Bringing Haydn and Beethoven to life, in famed concert halls around the world, is nothing new for Bruce Vogt, BMus’73. You’d expect it, actually, from the classically trained pianist. But Vogt’s alter ego brings different classics to life – namely silent films on the silver screen.
This unique musical side began at Western thanks to a random request from an English professor wondering if the then second-year student would like to earn a few extra dollars.
“It was a summer course on silent film. Somebody heard I improvised and I knew one of the English faculty members who had heard me play jazz. They contacted me and asked if I’d be willing to play for this series of silent films they were going to be showing,” said Vogt, who has been a professor at the University of Victoria for 36 years.
That summer, he accompanied such classic silent films as Sergei Eisenstein’s Battleship Potemkin, D. W. Griffith’s Intolerance, Robert Wiene’s The Cabinet of Dr. Caligari, as well as The General starring Buster Keaton and Gold Rush starring Charlie Chaplin.
While he had never attempted anything like this before, he was, and continues to be, an avid fan of silent films, which he calls “one of the true golden ages of film.” He and his brother checked them out of the library as teens and watched them over and over.
“Silent movies aren’t meant to be silent. They had music when they were made and usually had scores if they were of a more ambitious nature. I remember just improvising and then after they would pass the hat. Whatever the poor students could come up with, that’s how I got paid. I imagine I got about $20 or $30.”
Seeing this opportunity to earn a few extra bucks, Vogt convinced the London Public Library to host a pair of movie nights during his last couple years on campus.
After graduating, Vogt continued his education in London, England, before returning to Canada. He “kept from starving” by continuing with his silent movie talents at libraries in Toronto. In spite of an offer to continue playing in Otttawa, he felt the tug of his classical roots and began his academic career in Victoria in 1980.
“I don’t think it would have changed my career, but I could kick myself now; it would have been a great opportunity,” Vogt said. “When you’re young you confuse things sometimes with what you should do and what you want to do. One of the only consolations of getting older is easier to say ‘The hell with that – I want to do it.’”
His improv days went silent until 2000 when Vogt was asked by a friend at a conservatory in Paris, France, to accompany a couple of Chaplin films as part of a year-end celebration for the students. “When they asked me how much I would charge, I remember asking for a good bottle of French wine, and all I remember is they gave me a lousy bottle of French wine,” Vogt laughed.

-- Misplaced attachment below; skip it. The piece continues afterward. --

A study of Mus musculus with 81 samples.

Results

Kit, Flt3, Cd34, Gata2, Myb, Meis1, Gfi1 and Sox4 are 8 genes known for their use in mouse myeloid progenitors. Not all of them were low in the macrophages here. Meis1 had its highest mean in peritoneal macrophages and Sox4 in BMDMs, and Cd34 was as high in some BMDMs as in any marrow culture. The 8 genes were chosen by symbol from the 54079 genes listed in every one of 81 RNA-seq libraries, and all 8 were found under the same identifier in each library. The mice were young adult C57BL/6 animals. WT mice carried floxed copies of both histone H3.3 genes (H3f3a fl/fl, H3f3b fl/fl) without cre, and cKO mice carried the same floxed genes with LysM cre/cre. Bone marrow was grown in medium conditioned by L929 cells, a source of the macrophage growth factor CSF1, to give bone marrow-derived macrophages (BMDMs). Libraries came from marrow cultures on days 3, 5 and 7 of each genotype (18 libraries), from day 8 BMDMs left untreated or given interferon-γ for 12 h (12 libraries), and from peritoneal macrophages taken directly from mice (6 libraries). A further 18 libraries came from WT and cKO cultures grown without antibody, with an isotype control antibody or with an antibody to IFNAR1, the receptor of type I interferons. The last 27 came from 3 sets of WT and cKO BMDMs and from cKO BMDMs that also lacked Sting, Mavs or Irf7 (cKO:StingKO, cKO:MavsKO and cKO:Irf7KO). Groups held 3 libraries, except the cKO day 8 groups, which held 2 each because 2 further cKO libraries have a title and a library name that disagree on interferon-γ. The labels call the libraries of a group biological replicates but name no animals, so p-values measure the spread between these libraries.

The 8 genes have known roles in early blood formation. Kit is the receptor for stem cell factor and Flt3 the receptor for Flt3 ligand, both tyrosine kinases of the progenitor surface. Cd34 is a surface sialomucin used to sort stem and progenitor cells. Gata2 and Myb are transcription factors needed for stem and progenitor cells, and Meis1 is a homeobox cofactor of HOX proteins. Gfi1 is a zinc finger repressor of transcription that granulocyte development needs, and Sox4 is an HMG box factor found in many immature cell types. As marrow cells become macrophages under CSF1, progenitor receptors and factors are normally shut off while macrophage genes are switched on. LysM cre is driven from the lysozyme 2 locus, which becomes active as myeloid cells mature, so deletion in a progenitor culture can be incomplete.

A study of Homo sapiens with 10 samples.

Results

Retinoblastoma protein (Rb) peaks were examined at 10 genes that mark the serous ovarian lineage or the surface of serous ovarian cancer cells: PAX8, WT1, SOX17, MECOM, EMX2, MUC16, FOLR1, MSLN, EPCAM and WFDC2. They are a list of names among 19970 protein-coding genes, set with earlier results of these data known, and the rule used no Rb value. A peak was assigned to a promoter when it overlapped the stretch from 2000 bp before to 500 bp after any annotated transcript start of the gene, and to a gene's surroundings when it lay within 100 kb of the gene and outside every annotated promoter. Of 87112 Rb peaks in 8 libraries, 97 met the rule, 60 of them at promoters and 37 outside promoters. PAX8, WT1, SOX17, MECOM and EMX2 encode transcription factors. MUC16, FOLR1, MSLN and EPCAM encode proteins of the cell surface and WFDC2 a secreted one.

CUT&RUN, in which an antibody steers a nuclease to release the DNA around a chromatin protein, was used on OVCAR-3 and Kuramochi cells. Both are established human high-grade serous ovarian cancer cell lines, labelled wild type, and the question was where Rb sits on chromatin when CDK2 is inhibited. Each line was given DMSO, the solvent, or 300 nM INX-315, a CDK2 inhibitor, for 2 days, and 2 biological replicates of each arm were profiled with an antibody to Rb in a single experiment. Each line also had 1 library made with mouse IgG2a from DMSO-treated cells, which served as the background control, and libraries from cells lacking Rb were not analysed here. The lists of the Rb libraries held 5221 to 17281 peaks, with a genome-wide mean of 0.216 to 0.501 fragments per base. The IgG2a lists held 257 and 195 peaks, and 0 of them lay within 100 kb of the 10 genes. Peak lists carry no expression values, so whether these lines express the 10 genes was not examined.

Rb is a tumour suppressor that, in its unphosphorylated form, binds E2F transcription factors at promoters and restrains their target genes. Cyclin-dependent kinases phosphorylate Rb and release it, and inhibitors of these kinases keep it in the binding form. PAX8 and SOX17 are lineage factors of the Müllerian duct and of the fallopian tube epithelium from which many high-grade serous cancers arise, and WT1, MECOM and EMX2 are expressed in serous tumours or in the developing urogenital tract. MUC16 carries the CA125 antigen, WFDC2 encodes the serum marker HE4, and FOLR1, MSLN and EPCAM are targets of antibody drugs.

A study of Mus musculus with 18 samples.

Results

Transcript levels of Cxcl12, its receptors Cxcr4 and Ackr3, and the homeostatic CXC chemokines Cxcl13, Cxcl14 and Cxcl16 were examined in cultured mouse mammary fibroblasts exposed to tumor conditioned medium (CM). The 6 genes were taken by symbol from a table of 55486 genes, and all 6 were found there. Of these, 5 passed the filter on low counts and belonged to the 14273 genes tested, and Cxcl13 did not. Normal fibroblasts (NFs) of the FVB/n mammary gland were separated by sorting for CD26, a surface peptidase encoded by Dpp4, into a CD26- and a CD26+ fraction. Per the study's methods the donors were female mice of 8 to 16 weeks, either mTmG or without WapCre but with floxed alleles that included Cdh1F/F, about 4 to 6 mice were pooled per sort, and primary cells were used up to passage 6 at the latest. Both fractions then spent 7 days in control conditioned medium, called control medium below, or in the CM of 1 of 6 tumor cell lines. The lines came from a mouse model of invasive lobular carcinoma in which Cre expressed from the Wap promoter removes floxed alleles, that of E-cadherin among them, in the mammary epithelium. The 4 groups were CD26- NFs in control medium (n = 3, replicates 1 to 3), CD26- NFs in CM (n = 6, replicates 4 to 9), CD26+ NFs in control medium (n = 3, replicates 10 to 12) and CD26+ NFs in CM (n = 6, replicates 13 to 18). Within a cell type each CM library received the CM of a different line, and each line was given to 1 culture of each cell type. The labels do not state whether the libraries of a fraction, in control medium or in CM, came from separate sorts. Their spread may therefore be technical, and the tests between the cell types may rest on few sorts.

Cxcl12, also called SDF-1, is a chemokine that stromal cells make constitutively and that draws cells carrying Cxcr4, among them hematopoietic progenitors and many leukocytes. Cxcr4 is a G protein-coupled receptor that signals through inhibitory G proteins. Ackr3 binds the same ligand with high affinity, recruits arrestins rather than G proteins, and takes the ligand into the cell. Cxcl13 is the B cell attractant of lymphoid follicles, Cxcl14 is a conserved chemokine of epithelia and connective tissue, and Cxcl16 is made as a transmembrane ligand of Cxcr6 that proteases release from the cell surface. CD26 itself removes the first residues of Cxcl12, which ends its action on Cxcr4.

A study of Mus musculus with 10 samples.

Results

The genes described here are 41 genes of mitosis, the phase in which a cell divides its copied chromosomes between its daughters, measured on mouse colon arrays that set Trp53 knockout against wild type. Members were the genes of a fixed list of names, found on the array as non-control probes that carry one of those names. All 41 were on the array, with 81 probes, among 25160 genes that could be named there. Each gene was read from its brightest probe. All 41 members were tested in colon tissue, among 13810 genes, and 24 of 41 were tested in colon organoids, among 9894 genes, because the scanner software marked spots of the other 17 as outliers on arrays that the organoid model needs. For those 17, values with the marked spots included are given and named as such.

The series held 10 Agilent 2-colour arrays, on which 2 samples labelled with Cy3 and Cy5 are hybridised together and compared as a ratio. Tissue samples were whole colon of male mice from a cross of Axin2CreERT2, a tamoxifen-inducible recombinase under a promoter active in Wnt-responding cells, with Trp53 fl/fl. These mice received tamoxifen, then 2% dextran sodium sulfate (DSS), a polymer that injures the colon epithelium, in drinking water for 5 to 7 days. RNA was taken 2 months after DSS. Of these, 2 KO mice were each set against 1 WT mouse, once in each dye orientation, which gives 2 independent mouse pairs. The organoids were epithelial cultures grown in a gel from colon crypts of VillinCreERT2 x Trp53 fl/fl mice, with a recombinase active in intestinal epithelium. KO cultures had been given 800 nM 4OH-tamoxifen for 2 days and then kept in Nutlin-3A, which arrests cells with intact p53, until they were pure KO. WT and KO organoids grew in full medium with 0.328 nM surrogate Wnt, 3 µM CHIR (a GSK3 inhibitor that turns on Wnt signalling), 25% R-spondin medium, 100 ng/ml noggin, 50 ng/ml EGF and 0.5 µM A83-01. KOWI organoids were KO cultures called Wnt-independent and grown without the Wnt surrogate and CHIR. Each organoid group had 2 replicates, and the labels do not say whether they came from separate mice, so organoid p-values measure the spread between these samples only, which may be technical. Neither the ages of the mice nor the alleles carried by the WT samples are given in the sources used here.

The students loved it. Vogt was reenergized and soon performed similar shows in Germany, England and Japan. At the end of next month, Vogt travels to Germany for a classical performance – followed by a silent film show.
“For the films, I’m pretty lazy. I don’t plan a score,” said Vogt, adding the performance is a much lighter feel than playing highly disciplined concerts. “The way I prepare is I make sure I know the film so well that I know exactly when to come in. I’m doing it for the first time every time I play, but I know the films very well. I’d stare at them (films) with great intent and have learned to play without taking my eyes off the movie.
“It’s a really beautiful thing for me to play concerts. Doing a classical concert there is an enormous amount of satisfaction feeling like one is kind-of a conduit from these very powerful works to the listener. It’s a much stricter discipline – you can’t make it up as you go.”
Vogt continues to do a few shows in and around Victoria and would love to, one day, put together a week-long festival of movies and introduce a new generation to so many great silent films.
While classical performances have Vogt in the spotlight, he hopes his improv fades into the background. That’s the whole idea, he said.
“At first. I’m sure they notice me. But my goal – and I’ve often been told I succeed in this – is I don’t like the idea of the music being a kind of postmodern take on the film,” Vogt said. “If I’ve succeeded, yes, people forget about me and the music is just part of the movie.”